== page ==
Booking a Cruise with an Agent

Most people feel confident to book travel themselves these days: you go online, search for deals, then lock it in. But the cruise market is different, with a lot of fluctuations and quirks. That’s why the vast majority of travelers still use a travel agent for cruises.

Here's why you should think about using one:

Booking a cruise has a lot of moving parts. After locking in a rate itself, there’s choosing a cabin, booking the dinner seating, airfare, transfers, and possibly a land tour and travel insurance. Agents can do in a day what would be a weeks-long headache for many travelers.

Agents know these ships well. They can tell you about the ambiance, typical clientele, or kid-friendly atmosphere of one ship versus another—because they’ve more than likely been on these ships many times for familiarization trips, or learned about them repeatedly in cruise-education seminars.

They have an inside line on deals. They get the scoop on sales that may or may not show up the web, such as deals that bundle in extras like free shore excursion or onboard freebies.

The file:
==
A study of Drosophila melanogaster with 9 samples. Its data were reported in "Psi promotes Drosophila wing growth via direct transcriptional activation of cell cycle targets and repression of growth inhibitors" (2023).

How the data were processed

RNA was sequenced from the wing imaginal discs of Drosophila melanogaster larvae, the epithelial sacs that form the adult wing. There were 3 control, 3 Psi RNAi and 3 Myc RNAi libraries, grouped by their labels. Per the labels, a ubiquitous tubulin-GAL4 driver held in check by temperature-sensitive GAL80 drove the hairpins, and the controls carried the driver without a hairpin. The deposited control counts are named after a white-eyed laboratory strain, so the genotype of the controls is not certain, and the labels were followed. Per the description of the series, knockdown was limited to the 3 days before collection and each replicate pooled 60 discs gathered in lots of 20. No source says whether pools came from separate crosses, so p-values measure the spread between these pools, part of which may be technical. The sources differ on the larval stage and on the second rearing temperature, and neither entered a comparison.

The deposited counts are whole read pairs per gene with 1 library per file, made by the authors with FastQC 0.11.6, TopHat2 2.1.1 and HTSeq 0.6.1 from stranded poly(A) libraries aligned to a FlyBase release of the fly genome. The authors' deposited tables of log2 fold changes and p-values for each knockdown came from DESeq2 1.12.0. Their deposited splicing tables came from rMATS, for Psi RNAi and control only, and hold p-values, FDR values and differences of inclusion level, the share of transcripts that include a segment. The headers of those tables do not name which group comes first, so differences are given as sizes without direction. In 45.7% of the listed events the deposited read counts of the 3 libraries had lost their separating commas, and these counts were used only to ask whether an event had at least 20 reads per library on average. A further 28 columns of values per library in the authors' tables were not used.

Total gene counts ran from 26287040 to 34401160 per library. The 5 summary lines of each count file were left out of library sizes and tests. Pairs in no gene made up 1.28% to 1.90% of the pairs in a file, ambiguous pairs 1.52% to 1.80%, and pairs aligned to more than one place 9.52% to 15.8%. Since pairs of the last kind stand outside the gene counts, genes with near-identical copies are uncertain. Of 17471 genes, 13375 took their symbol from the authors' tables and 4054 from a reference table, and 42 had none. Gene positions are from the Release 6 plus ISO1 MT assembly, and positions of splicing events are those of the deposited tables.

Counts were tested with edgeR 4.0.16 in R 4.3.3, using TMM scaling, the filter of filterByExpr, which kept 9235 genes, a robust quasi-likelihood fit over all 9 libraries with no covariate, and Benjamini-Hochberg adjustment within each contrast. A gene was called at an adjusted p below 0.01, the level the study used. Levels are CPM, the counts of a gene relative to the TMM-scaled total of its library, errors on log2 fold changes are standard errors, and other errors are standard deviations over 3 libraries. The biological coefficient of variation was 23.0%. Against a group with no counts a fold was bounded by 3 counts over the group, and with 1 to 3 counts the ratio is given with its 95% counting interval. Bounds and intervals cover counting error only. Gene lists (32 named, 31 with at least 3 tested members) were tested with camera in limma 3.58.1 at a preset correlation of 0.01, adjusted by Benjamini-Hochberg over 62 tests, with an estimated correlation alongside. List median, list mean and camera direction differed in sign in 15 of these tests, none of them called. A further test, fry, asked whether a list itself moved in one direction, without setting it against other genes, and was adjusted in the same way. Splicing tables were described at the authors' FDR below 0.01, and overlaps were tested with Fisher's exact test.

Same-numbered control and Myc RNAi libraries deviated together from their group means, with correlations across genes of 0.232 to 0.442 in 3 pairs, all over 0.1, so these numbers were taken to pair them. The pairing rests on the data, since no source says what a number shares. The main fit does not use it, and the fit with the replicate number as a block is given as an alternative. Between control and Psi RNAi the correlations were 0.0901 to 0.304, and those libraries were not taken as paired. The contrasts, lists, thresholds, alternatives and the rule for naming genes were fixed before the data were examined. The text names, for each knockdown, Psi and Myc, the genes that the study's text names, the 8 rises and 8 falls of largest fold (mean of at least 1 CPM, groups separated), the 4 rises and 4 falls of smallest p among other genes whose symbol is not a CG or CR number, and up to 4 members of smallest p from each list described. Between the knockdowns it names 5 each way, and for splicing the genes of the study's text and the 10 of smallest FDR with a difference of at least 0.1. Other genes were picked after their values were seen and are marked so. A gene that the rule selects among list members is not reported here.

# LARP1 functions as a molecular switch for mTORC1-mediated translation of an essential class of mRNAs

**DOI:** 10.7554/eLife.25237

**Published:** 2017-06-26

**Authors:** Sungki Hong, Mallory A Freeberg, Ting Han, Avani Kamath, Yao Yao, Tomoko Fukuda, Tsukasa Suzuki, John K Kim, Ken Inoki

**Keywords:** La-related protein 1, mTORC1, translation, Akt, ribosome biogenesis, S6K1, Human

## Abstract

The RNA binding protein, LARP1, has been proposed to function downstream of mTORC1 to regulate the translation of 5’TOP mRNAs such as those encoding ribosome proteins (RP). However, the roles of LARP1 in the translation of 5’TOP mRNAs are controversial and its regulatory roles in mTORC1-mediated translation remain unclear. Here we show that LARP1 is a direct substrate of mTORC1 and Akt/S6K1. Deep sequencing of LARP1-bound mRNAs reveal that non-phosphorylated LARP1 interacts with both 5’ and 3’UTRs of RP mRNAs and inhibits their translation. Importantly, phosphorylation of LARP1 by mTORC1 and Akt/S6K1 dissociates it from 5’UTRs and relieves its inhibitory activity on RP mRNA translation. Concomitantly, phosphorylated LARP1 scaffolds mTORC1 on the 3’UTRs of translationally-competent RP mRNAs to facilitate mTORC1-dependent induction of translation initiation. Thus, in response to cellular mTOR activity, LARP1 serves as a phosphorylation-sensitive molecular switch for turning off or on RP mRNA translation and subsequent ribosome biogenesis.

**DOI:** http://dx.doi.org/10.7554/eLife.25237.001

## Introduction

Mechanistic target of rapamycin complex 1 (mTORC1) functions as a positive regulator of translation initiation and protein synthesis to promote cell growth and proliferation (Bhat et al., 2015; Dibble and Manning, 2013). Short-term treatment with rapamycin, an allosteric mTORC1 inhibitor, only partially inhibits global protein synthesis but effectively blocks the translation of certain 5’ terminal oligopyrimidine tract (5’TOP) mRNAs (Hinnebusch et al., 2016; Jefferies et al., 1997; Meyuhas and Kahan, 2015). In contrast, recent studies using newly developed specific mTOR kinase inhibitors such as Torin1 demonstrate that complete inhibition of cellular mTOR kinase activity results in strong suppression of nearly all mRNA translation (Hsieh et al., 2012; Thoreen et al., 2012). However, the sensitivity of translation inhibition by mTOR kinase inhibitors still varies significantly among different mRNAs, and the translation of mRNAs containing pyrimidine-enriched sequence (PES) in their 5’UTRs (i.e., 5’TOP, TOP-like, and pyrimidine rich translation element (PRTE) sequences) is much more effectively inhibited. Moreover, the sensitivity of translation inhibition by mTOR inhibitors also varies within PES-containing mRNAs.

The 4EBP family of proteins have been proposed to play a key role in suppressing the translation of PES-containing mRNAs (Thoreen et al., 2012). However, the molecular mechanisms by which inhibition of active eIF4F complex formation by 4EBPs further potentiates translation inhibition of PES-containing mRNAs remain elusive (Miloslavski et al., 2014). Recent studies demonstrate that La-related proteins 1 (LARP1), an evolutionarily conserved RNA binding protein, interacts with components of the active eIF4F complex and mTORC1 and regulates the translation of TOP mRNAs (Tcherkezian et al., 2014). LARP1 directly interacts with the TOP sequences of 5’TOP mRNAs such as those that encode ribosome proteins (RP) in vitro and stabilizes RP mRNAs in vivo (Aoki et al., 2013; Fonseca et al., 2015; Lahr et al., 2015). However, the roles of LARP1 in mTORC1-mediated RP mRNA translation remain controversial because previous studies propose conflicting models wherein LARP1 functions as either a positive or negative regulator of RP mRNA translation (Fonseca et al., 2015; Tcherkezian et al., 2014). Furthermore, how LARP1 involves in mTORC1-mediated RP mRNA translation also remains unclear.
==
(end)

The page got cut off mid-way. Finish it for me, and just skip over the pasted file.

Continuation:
They can give you a "group" advantage even when you’re not part of a group. Their agent status lets them book a lot of individual parties under discounted group rates.

They can get you a rebate after you book. Agents are always tracking the fluctuating rates and deals going on in the cruise industry. If your cruise goes down in price after you book, they can get you a rebate before you depart.

You have a resource if something goes wrong before or during your trip. What happens if you plane gets stuck in Chicago on your way to your departure port? Your agent can advocate for you and often cut through red tape—after all, they want to keep you as a client.

How to Book an Agent

Not every agent is perfect, of course, and even a good agent might not be right for you. Before you commit to one travel agent, make sure that:

They specialize in cruises—with an emphasis on Alaska. Look for titles such as cruise specialist, or cruise counselor at an agency.

They don’t just work with one or two cruise lines, which would limit your options.

They have some good credentials. Good signs to look for include accreditation as a cruise counselor through the Cruise Line International Association (CLIA), or membership with the American Society of Travel Agents (ASTA), National Association of Cruise Oriented Agencies (NACOA) and Better Business Bureau (BBB). The web sites for ASTA and CLIA are good places to look for agent listings.

They don’t charge any service fees. Most agents get commissions from the cruise lines, not out of your pocket.